It started innocently enough. In a meeting with the LA Department of Transportation (LADOT) about another issue, architect Kevin Mulcahy asked why the existing steel span of the Riverside-Figueroa bridge over the LA River was being demolished. It didn’t make sense, given that the replacement bridge had been moved further upstream during seven years of planning. Soon Mulcahy and his colleagues at RAC Design Build worked up an alternative proposal that preserves the old steel bridge as a High Line-style pedestrian park. They began asking questions. Would the reuse proposal, which Mulcahy calls the Figueroa Landbridge, compromise the new span’s structural integrity? It wouldn’t. Would it jeopardize the replacement bridge’s environmental approval? No again. For weeks, the Figueroa Landbridge seemed more and more likely to become a reality. But now, as the clock runs down—demolition of the steel span is slated for April 2014—Mulcahy has hit a wall. The problem, he says, is politics not pragmatics.
According to Mulcahy and Rick Cortez, principal at RAC Design Build, the city’s Bureau of Engineering manipulated the project’s cost estimates “in a strategic way” to prevent City Council from requesting a feasibility study. Without a feasibility study, the project can’t move forward. “We still believe the council members and the Mayor have the city’s best interests at heart,” Mulcahy said. “They’re just ill-informed. It appears more of a risky venture on their end. Because there aren’t groups or people asking for the Landbridge, it makes it seem like they’d be going out on a limb.”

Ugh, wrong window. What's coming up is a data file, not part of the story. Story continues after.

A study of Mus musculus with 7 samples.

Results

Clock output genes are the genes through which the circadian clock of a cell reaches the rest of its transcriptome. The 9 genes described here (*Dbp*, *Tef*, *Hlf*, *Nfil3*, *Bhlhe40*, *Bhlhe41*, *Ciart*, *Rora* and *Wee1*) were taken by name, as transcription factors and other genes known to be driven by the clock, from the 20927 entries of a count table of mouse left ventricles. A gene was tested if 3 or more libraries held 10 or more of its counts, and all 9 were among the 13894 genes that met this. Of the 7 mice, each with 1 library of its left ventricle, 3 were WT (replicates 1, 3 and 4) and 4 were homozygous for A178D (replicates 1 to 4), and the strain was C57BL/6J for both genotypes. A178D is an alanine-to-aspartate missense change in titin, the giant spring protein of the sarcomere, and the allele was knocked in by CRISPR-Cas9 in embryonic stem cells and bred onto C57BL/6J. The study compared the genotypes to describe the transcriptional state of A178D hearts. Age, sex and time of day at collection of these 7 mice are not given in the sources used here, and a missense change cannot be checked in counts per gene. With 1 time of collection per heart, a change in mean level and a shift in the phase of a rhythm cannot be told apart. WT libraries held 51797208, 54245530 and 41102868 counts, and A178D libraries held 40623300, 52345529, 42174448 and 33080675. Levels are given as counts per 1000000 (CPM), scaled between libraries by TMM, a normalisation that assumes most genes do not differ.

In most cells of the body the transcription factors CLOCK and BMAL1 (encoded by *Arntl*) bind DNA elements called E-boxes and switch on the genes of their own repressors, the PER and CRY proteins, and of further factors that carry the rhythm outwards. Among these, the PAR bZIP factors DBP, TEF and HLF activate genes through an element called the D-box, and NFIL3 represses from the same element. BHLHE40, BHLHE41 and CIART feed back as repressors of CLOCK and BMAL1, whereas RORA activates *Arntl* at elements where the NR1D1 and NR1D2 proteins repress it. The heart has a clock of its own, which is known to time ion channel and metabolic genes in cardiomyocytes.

Deborah Weintraub, Chief Deputy City Engineer at the City’s Bureau of Engineering, said “we took a very serious look” at RAC’s proposal, and noted that there was no cost manipulation. She said the $4.9 million estimate that the project’s contractor, Flatiron Construction, gave her department was their “first take,” and likely would have changed following a closer look. Any changes to the original plan, she added, would likely not have federal funding, making a change this far into the process more challenging. “The funding implications required close consideration by our policy makers,” she said. “The cost didn’t justify the benefit.”
Mulcahy and Cortez argue that their bridge-reuse proposal would be relatively inexpensive and easy to implement quickly. The architects want to preserve one section of the existing bridge, the steel span built in 1939 as part of the Army Corps of Engineers’ work to channelize the Los Angeles River. Renderings show a concrete pedestrian and bike ramp leading to an elevated pedestrian mall, with plantings and wooden benches and chaise lounges. The Landbridge park in turn connects to an articulated pedestrian and bike bridge over the railroad tracks. If built, the Figueroa Landbridge would provide a link between existing north/south and east/west pedestrian and bicycle corridors.
Whatever the merits of the design, Mulcahy and Cortez seem to be near the end of the line. “If we can drum up some political support this week it might make all the difference, time’s not on our side,” Cortez said. He and Mulcahy believe they made a mistake by not first mobilizing public support for their proposal. If they had, the Bureau of Engineering’s estimate might not have scared the City Council away from investing a relatively paltry sum—$64,000—into a feasibility study. Now all they can do is hope, and continue pleading their cause a bit longer. “It does smack of incongruity” in the face of contemporary excitement over LA River revitalization, Mulcahy said. “There’s been 20 years of advocacy. We’re advocates, but also makers—we like to make things happen. We like for people to use things.”